Business Accountants: Top 5 Considerations for Acquiring a Business in New Zealand


Are you looking to enter the world of entrepreneurship but concerned about the high failure rates associated with startups? If so, exploring the option of purchasing an established business could be your pathway to success. In New Zealand, you’ll find an array of businesses available for acquisition on platforms like realestate.co.nz, NZ BizBuySell, and Trade Me Marketplace. Alternatively, you can enlist a broker to help identify potential opportunities. Before making any commitments, it’s vital to conduct thorough research and due diligence to ensure a fair deal. This article presents essential insights and advice to guide your decision-making process when acquiring a business in New Zealand.


Pre-Purchase Preparations


Purchasing a business is a substantial decision with far-reaching implications. Prior to extending an offer, it’s crucial to:


– Gain a deep understanding of the business type you’re interested in.
– Research the target business’s market, competitors, and suppliers.
– Perform comprehensive due diligence before finalizing the sale and purchase agreement or incorporating a due diligence condition.
– Officially express your interest in acquiring the business to the designated seller.
– Collaborate with a professional advisor, such as a lawyer or accountant, to represent your interests.
– Pose thorough inquiries about the business to uncover potential post-sale revenue impact factors, such as the risk of losing critical customers.


If you’re considering a franchise, remain cautious of sizable upfront fees or being pressured into a hasty decision. The Franchise Association of New Zealand’s members offer a seven-day cooling-off period after signing franchise agreements. Legal counsel is recommended to navigate complex franchise agreements. Alternatively, the Franchise Association offers free advice. When dealing with franchises, request a disclosure document outlining the company’s history, track record, and ongoing cost structure.


1. Thorough Due Diligence is Non-Negotiable


Regardless of how tedious it might seem, never underestimate the importance of due diligence. This process helps you ascertain the business’s profitability and assess the accuracy of the seller’s estimates and projections. During due diligence, evaluate:


– Pending legal disputes or court cases involving the business.
– Ownership of critical assets, including intellectual property.
– Various contracts such as employment, sales, supply, rent, and service level agreements.
– Loyalty of crucial staff, customers, and suppliers to the current owner.
– The strength of contractual arrangements in existing relationships.


2. Legal Counsel is Essential


Acquiring a business entails numerous legal agreements ranging from employment to sales and supply contracts. Seeking legal advice is imperative, especially for deciphering unfamiliar clauses or agreements. Legal experts ensure no crucial details are overlooked.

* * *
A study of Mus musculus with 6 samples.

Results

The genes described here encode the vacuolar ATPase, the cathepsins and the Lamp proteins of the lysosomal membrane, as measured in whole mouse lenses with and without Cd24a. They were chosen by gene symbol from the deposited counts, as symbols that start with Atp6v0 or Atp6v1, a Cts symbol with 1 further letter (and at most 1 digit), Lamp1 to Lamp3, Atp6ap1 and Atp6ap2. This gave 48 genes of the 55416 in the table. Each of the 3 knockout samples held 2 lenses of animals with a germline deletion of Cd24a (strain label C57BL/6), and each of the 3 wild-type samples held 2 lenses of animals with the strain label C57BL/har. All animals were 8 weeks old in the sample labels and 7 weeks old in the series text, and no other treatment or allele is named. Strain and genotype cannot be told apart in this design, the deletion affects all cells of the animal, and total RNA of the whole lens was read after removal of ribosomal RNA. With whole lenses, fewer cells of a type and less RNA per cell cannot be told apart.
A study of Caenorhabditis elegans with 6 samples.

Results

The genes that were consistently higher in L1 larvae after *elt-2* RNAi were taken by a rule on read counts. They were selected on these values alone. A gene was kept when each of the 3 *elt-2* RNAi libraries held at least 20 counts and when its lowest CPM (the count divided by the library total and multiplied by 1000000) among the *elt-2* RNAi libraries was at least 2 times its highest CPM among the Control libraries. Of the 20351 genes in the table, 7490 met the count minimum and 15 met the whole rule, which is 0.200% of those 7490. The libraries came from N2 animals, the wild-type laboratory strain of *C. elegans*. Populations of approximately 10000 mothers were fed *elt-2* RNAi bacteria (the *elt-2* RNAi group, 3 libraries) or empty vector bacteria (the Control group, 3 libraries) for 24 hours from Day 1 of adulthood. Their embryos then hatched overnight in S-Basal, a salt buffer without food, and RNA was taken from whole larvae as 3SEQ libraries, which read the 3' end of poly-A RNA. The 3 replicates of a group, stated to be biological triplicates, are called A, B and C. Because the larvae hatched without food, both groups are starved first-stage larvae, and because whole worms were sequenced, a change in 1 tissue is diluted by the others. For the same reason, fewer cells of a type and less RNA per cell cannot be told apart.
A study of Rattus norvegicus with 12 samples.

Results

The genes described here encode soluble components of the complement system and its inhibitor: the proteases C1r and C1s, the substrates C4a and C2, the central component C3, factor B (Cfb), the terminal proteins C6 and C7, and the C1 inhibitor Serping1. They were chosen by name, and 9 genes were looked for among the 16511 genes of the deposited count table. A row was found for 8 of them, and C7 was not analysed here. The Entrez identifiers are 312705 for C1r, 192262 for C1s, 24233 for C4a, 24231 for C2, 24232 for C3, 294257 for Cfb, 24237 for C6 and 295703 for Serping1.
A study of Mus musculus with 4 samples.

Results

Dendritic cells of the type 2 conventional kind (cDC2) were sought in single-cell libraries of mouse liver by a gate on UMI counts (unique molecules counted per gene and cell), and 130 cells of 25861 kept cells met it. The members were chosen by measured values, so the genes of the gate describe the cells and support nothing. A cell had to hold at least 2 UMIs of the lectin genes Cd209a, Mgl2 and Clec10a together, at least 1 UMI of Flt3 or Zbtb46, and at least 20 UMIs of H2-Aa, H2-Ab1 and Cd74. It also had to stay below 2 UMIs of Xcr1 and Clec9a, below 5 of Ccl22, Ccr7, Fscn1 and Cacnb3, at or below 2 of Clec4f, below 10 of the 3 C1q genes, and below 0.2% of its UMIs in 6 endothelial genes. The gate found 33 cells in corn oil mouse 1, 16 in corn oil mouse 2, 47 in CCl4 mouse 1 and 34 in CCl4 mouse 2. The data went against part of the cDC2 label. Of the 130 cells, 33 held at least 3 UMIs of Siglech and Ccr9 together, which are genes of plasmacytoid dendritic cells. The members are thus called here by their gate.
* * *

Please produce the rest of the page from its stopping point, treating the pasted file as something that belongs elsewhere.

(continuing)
Your lawyer can also guide you on transaction structuring, including necessary changes to legal agreements. They can help manage risk through strategies like vendor warranties and advice on liability limitations. If necessary, they’ll assist in establishing a new company (Special Purpose Vehicle) and manage employee transfers.


3. Consider an Independent Valuer


While you might attempt to assess the business’s value independently, access to accurate information is essential. Standard valuation methods exist, and your accountant or an independent valuer can aid you. The valuation process combines financial statement analysis and market economics. Although formal valuations provide starting points, actual sale prices depend on buyer and seller motivations and their negotiation positions.


4. Gradual Handover Strategy


Some business owners prefer gradual handovers, allowing you to pay the sale price from generated profits. This arrangement reassures the seller about your commitment to the business’s success. Discuss this option with the seller, especially if they appear hesitant to sell or as a bargaining strategy.


5. Strategic Approach to Business Restructuring


For businesses with existing employees, decide whether you’ll retain them and include this in the sale and purchase agreement. If not, the seller must handle any necessary redundancies before the transition.


The Employment New Zealand guidelines offer direction on restructuring processes based on factors such as employment agreements and business size.


Purchasing a business in New Zealand is a pivotal decision. Register your formal interest, but first invest time and effort into thorough research encompassing the business’s market, competitors, and suppliers. The due diligence process uncovers underlying issues, while an independent valuer ensures fair pricing. Legal expertise is crucial for agreement review and risk management. If restructuring is on the horizon, follow Employment New Zealand’s guidelines and address redundancies pre-transition. With the right approach, acquiring a business can be your pathway to entrepreneurial success.


Frequently Asked Questions


1. Is buying an existing business a viable option?


Purchasing an established business offers advantages like immediate cash flow and existing contracts. If you’re averse to startup challenges, this route could be ideal.


2. How does due diligence work in business acquisition?


Due diligence involves analyzing the business’s financial status, legal obligations, and more. Engaging experts like lawyers, accountants, and valuers can facilitate a comprehensive evaluation.


3. How can I determine if a business is worth buying?


Valuing a business requires a blend of financial statement analysis and market economics. Independent valuers ensure a thorough assessment of the business’s worth.